By Laurent Freixe, Nestlé Chief Executive Officer of Zone Americas
We are living in unprecedented times. The Coronavirus pandemic has rapidly triggered a deep economic and social crisis; likely the worst in modern times. Young people are being disproportionately affected by the pandemic, leading to a substantial and rapid increase in youth unemployment since February 2020. Many will not be able to finish their studies and will struggle to enter or re-enter the labor market, and to start their own businesses.
In the context of a technological revolution, it makes sense to recruit young people to tackle what is both a challenge and an opportunity. As more companies embark on ambitious sustainability strategies, the need for new types of jobs – including green jobs – is increasing, creating new employment opportunities that will enhance resource efficiency and build low-carbon sustainable societies. Companies can also boost their innovation pipeline and develop creative solutions by supporting young entrepreneurs throughout their value chains.
This is precisely why we launched the Nestlé needs YOUth initiative back in 2013, with the aim of providing job and training opportunities for young people across the globe. Amidst the crisis caused by the COVID-19 pandemic, we are scaling up online training solutions to ensure the continuity of our traineeship and apprenticeship programs. We are also working with public and private institutions in many countries to create new programs that will help young people develop the skills and resilience they need to be successful in today's challenging job market.
For instance, in West Africa young people receive support through the Youth Agripreneurship Development Program (YADIS), which was initiated by Nestlé and our regional partners in 2019. When the pandemic started to spread, YADIS offered extra training and mentorship to help the young farmers enlarge their fields and increase their crop yields.
In Mexico, Nestlé organized 6,000 individual digital live coaching sessions on vocational guidance, employability and innovation over the course of only three months.
In the UK, 170 apprentices benefited from 30 different virtual training programs offered live or through pre-recorded sessions. Thanks to this effort, the vast majority of apprentices were able to continue development in their specific occupation: from engineering to finance and data science.
We are accelerating our efforts with the ambition to help 10 million young people around the world access economic opportunities by 2030. However, more needs to be done. We are living in times that require bold and decisive actions to overcome the devastating impact of the crisis on the future of youth.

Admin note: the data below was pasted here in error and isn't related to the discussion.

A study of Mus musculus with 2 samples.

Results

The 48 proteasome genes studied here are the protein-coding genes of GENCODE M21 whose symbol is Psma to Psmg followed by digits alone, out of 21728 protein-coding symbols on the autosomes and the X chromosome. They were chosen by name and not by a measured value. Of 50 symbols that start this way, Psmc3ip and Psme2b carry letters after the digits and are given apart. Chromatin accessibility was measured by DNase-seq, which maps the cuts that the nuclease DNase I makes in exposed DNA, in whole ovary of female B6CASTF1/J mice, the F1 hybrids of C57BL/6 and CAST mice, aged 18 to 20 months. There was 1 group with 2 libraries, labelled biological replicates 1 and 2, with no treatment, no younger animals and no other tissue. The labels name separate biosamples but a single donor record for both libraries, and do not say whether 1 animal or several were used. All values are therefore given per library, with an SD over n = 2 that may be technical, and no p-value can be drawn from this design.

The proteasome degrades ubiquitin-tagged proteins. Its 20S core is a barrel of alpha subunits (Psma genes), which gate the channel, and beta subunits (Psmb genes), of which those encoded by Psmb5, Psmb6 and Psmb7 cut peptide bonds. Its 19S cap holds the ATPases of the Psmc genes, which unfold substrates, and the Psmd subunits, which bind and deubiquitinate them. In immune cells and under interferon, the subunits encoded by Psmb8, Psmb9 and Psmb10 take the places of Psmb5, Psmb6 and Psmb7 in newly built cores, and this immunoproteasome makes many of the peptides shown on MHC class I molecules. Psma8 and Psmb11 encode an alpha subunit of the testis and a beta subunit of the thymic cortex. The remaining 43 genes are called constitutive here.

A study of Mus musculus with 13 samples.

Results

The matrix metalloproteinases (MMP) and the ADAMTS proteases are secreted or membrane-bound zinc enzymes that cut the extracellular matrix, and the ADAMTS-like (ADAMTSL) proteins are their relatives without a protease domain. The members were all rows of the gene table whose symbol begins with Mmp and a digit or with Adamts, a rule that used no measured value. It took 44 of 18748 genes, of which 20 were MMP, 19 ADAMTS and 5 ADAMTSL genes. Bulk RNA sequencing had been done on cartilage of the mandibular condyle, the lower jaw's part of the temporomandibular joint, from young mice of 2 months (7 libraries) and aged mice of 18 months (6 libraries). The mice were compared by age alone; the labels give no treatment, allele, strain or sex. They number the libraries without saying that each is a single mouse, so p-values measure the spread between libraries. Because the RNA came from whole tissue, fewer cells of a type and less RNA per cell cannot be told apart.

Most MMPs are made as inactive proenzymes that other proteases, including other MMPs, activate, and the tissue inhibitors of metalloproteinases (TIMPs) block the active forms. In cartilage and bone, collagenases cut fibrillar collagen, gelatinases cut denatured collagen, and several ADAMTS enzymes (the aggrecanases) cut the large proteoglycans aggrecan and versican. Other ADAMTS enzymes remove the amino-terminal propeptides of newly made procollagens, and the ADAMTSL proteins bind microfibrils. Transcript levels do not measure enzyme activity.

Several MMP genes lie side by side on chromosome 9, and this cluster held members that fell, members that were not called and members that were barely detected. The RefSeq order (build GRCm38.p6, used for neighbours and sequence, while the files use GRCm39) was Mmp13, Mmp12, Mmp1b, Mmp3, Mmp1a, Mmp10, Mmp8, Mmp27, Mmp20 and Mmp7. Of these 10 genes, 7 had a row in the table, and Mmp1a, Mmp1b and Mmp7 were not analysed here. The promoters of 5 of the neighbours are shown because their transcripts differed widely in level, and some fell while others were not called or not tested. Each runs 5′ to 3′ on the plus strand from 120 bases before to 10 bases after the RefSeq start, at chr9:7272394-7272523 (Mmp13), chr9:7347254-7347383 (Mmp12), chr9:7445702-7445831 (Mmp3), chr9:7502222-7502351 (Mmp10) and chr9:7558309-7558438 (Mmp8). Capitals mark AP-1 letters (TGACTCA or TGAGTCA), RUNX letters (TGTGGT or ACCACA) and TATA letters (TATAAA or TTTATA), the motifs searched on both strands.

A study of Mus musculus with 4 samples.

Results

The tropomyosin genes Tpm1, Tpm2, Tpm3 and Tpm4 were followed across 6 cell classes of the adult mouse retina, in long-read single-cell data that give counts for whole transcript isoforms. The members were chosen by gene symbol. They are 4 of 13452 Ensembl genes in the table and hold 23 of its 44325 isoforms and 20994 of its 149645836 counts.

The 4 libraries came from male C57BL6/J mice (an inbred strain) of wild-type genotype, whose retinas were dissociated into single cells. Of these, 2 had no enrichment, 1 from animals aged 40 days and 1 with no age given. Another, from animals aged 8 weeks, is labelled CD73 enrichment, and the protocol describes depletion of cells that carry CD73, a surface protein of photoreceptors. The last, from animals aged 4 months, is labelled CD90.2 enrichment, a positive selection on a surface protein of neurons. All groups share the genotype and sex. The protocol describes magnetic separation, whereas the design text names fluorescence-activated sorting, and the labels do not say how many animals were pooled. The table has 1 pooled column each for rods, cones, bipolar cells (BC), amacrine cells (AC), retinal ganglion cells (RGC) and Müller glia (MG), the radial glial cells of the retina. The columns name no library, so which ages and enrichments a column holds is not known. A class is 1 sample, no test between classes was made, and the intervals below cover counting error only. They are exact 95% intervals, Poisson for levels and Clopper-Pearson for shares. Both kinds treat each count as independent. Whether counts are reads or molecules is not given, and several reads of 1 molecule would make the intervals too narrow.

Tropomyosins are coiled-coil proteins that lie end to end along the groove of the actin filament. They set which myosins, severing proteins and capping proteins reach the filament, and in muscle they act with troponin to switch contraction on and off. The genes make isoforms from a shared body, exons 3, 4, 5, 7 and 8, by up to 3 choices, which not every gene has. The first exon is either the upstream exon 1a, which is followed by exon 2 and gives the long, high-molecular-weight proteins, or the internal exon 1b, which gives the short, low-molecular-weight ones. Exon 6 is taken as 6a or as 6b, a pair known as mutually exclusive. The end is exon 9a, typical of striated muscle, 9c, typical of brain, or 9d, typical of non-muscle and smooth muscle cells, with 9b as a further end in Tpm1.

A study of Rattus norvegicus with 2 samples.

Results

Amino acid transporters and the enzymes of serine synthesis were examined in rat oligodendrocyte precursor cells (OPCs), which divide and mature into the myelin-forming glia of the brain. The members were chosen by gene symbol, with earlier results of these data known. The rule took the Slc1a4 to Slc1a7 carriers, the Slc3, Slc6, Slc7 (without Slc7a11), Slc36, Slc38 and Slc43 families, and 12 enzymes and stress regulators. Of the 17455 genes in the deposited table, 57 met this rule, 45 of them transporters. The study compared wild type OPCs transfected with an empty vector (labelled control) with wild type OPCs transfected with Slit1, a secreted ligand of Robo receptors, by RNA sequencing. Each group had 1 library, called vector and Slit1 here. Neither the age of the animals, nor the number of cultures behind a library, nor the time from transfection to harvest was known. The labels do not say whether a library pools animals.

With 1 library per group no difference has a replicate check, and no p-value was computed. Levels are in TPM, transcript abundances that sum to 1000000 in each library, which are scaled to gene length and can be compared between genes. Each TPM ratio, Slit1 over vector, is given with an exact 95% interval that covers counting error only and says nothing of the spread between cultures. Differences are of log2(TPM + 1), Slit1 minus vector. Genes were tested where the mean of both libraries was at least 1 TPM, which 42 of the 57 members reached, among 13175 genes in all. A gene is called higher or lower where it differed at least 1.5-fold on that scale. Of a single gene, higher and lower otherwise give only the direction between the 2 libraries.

Companies can only do so much individually, but they can multiply their impact when they join forces and work together towards common objectives. Nestlé created the Alliance for YOUth in 2014, which now has 22 leading global partners and more than 300 companies around the globe. Together, we are committed to supporting youth by offering first job experiences, running educational programs to help youth develop necessary skills and promoting and supporting young entrepreneurs.
Over time, we have established valuable collaborations with key international organizations, such as the International Labour Organization (ILO), the World Bank, and the Global Apprentice Network (GAN), among others. The GAN is a great example of multi-stakeholder engagement and collaboration among governments, the private sector and development partners. Together, our goal is to accelerate the acquisition of skills and capabilities of all segments of the workforce and build a robust talent pipeline for business that can match the pace of change in the world of work.
Today more than ever, all parts of society must respond – governments, multilateral organizations, academic institutions, private sector and youth – and they must work together to find solutions and implement them.
In this context, the Global Initiative on 'Decent Jobs for Youth' plays a vital role in bringing together and fostering collaboration among a wide range of key actors. Together, they scale up action and impact on youth employment in support of the 2030 Agenda for Sustainable Development. We have been an active member of this global effort since its launch in 2015, and we urge more companies to join and commit themselves to action for a brighter future for our youth.
The current crisis requires a balanced and collective response. This response should involve both productivity and recovery efforts as well as significant investments in new capabilities and new technologies. We need to skill, reskill and upskill the younger generation. This is the only path to sustainable growth; this is the only way out of the crisis.
This text was first published on 'Decent Jobs for Youth' on August 12, 2020.